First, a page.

A convoy of over 600 vehicles travelled through Sylvan Lake in support of oil and gas on Jan. 12.
The pro-pipeline convoy had a noon departure from Red Deer and travelled north on 75th Ave. to Highway 2. It then travelled west on Highway 11 to Sylvan Lake where it went north on Highway 20, east to Highway 11A and then back to Red Deer on the QE2.
“It was the best route because you were using Highway 2 [and] Highway 11, which are both main, major highways, and then you were going through Sylvan [Lake],” said convoy organizer Dani Howells in a phone interview.
“We pretty much had Sylvan at a gridlock and I heard that people were hearing us honking our horns from in the housing estates there,” added Howell.
The convoy made its way through Sylvan Lake at around 1 p.m. on Jan. 12.
Howell says they could not have done the route without the help of the pilot trucks and the RCMP for doing their part in keeping the general public and the participants safe.
“It could not have gone any better,” commented Howell. “Everyone acted professionally, they made a statement and they did it proud and they did it with integrity and that was the best thing ever.”
Howell added the convoy was “straightforward for oil and gas,” and everyone had their own reason for being there.
A father and son from Sylvan Lake were one of the hundreds of trucks to drive the route on Jan. 12.
Dustin Borrowman and his father, Doug Borrowman, woke up Saturday morning and got their gravel truck ready for the convoy.
Doug says his 18-year-old son was the one who really wanted to be a part of it.
“It’s such a movement that I think is necessary today and it’s making sure that your voice is heard,” said Dustin. “The way they did it, I think, is definitely making it heard.”
Doug says their business, TD Bobcat Services, is not oil patch driven, but it is affected by the policies made out East.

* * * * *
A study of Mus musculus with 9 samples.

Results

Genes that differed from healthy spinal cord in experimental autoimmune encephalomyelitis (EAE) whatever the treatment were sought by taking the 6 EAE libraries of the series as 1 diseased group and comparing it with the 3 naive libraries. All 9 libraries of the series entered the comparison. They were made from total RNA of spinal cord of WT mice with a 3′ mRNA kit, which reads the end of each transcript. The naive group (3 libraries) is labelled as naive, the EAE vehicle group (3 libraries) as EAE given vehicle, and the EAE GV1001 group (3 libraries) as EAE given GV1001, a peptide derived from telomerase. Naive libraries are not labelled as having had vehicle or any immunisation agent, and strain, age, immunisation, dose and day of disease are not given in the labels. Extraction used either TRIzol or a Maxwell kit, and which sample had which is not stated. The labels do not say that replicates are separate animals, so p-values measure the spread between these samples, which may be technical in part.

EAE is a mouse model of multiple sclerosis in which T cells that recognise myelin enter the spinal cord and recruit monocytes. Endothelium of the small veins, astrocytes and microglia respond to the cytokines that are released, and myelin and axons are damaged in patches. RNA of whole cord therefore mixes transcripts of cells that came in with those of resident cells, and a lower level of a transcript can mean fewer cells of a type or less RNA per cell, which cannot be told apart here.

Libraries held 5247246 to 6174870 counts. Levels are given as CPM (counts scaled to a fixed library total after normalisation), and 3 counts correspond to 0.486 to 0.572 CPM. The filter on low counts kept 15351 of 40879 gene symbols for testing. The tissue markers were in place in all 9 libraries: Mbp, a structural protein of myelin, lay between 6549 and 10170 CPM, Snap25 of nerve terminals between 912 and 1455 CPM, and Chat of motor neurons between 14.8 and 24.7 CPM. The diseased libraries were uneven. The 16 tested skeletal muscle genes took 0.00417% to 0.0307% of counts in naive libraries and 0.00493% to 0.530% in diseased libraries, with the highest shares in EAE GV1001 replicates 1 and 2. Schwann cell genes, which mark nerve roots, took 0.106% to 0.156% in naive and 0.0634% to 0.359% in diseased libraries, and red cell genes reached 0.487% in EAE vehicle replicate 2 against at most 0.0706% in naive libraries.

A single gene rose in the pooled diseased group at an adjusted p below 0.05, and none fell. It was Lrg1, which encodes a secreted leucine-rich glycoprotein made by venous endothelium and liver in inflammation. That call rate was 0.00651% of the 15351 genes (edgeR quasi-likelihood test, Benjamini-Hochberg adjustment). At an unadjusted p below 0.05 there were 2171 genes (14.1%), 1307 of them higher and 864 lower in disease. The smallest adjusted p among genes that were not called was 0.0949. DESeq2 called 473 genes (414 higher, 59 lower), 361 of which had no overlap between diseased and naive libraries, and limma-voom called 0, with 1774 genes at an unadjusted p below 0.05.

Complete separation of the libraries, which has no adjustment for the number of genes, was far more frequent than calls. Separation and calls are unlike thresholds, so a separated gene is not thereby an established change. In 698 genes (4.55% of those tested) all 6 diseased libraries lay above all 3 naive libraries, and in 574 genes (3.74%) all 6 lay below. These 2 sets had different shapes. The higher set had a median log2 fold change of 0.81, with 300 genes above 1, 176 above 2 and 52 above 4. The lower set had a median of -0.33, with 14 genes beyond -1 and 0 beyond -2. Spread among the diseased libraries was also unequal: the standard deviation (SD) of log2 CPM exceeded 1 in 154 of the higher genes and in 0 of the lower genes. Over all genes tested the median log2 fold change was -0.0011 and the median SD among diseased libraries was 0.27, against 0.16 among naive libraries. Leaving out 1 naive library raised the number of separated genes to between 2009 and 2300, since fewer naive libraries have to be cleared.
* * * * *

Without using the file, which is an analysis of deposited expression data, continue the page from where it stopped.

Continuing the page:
“If it’s affecting the oil patch out here, it affects us,” said Doug, adding they were one of the only non-oil patch representations in the convoy.
“Our voice was that we wanted everybody to realize it goes beyond the oil patch,” said Doug.
Dustin, who has only had his Class 1 licence for a couple months, says it was “pretty cool” to be a part of something so big.
“When we went down the QE2 and it was down to one lane and you saw everybody running beside you, they were honking at you and giving you a thumbs up,” said Dustin. “I thought it was pretty cool that everybody was so supportive of it even though you were making their commute longer.”
Doug described the experience as “pretty emotional” and said coming into Sylvan Lake was “breathtaking.”
“This is my backyard, we’ve been here 25 years, so to be here and see the amount of people who support it too, I think that they need to keep doing it [and] keep letting people know that our voices are heard, that it’s not just the oil patch,” said Doug, adding they wanted to be there to show other businesses they support them.
Doug says Albertans feel like they are not being heard nationally and a cross-country convoy may be what it takes for Prime Minister Justin Trudeau, and everybody else along the way, to realize how they are affected by the oil downturn too.
A pro-pipeline convoy is organized to head from Red Deer to Ottawa on Feb. 15 to support similar issues related to oil and gas.